The Reserve Bank of Australia (RBA) will announce its rate decision on Tuesday at 03:30 GMT, and markets assign only a 25% chance for a rate cut. While the aussie could spike up if policy is indeed kept unchanged, any positive reaction might remain short lived, as the broader outlook still seems negative amid fears of a severe slowdown in China and falling commodity prices. That said, much will also depend on whether aussie/dollar can break below the 10-year low it is currently testing.

Data pulse improves enough to keep RBA at bay, for now

Australia’s central bank will have a tough balancing act on its hands this week. On the bright side, domestic economic data have improved enough to dispel expectations for an immediate rate cut. In particular, the unemployment rate fell back to 5.1% in December, which is quite significant as the RBA pays a lot of attention to the labor market. Meanwhile, retail sales accelerated in November and inflation picked up in Q4, though it remains below the RBA’s target range.


Coronavirus: More than a physical disease for Australia

Much of this pessimism is grounded in the deadly coronavirus, and the potential impact it could have on Australia. For starters, Australia and China have very close trading ties, so if Chinese growth takes a severe hit from virus-related uncertainty, so does Australian growth. Meanwhile, China is the biggest consumer of commodities globally so a slowdown could see commodity prices fall, further hurting Australia, which exports raw materials.

Not to mention the sinister impact this will have on Australia’s tourism industry, which relies heavily on Chinese travelers. On top of everything, there are the raging bushfires to consider, as they threaten to dampen growth further.

And while the nation’s data pulse has improved lately, by no means is it strong. Australian households are among the most indebted in the world, and wages aren’t rising quickly enough to ease that debt burden, which ultimately holds back consumption. Furthermore, underlying inflation remains muted, with little to suggest an imminent pick up.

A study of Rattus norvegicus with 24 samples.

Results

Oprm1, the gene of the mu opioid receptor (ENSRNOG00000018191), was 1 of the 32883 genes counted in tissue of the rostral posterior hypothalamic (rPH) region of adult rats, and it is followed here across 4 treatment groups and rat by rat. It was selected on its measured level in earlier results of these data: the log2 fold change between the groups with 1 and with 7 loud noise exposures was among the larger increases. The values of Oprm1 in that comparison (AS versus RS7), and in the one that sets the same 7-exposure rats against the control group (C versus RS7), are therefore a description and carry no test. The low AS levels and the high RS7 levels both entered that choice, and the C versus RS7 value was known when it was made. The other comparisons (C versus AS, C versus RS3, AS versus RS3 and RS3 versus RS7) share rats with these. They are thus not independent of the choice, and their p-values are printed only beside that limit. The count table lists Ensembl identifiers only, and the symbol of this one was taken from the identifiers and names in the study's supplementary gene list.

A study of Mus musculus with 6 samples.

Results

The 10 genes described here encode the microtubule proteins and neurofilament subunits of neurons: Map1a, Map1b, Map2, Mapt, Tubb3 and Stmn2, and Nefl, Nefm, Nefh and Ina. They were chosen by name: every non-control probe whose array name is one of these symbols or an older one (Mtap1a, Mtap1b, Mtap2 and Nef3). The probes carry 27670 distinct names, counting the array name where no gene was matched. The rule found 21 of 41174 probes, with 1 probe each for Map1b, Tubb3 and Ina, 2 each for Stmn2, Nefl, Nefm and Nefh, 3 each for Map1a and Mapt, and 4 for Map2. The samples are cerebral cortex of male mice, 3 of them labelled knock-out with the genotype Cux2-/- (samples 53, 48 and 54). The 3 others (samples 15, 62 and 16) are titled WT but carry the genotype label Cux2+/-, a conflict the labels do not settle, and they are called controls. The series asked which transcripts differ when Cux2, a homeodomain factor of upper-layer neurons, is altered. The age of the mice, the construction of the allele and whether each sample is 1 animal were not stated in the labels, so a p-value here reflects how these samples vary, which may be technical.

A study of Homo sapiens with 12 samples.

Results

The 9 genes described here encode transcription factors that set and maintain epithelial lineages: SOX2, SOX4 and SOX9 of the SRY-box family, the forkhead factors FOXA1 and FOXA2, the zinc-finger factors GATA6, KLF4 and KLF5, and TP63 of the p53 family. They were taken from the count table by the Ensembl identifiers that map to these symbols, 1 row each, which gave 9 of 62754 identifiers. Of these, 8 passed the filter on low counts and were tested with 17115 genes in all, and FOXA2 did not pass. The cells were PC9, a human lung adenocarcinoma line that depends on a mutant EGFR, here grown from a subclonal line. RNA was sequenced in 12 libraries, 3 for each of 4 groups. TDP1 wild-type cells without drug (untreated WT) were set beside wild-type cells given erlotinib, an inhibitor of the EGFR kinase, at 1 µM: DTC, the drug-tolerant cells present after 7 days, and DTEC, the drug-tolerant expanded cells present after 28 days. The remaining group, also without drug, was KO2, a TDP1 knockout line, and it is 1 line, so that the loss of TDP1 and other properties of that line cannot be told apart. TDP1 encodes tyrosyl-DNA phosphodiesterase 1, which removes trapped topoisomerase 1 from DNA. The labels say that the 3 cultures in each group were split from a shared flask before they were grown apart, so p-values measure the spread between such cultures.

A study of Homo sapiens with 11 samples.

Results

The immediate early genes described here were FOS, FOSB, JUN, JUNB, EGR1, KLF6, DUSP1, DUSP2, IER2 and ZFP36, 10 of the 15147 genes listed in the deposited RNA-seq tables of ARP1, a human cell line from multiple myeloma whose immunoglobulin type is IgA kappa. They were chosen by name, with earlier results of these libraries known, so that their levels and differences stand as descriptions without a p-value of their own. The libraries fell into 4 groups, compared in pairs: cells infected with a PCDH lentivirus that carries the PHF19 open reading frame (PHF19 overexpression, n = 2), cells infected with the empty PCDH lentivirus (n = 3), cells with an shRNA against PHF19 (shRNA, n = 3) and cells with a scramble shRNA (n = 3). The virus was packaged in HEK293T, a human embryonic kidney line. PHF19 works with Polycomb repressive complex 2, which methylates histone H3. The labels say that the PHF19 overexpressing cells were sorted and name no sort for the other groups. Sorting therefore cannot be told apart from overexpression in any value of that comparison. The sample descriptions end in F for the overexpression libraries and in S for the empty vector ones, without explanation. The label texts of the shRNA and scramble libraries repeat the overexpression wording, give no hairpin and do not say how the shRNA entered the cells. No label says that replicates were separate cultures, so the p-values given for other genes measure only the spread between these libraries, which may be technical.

Aussie might get some relief from RBA, but overall outlook dark

Turning to the market reaction, the fact that some investors are still looking for an immediate rate cut – evident by the 25% probability for one – suggests that the knee-jerk reaction in the aussie might be higher in case the RBA keeps rates unchanged.

Even in that case though, any upside reaction is unlikely to be sustained for long, and the broader outlook for the currency still seems bleak. The Bank will surely maintain an easing bias, global risk sentiment is extremely fragile, and the real impact of the coronavirus on the Chinese – and Australian – economy is still a mystery. For this to change, and for the aussie to be able to stage a sustainable rally, investors may need to see concrete signs that the spread of the disease is slowing down, and we haven’t gotten those yet.

Having said all this, the technical picture is also crucial. Aussie/dollar has already fallen dramatically in recent weeks and is currently trading just above the 10-year low of 0.6670, so one might argue that a lot of the ‘bad news’ are already reflected in the price. Therefore, whether sellers can ultimately break below the 0.6670 zone might be decisive for whether the losses will continue, or not.

If the bears do pierce below 0.6670, the next durable obstacle to provide support might be the 0.6560 region, defined by the highs of February 2009.

On the upside, the bulls may stall initially near 0.6720, where a positive break could open the door for the 0.6750 area.

Finally, note that the nation’s retail sales for December are also due on Thursday.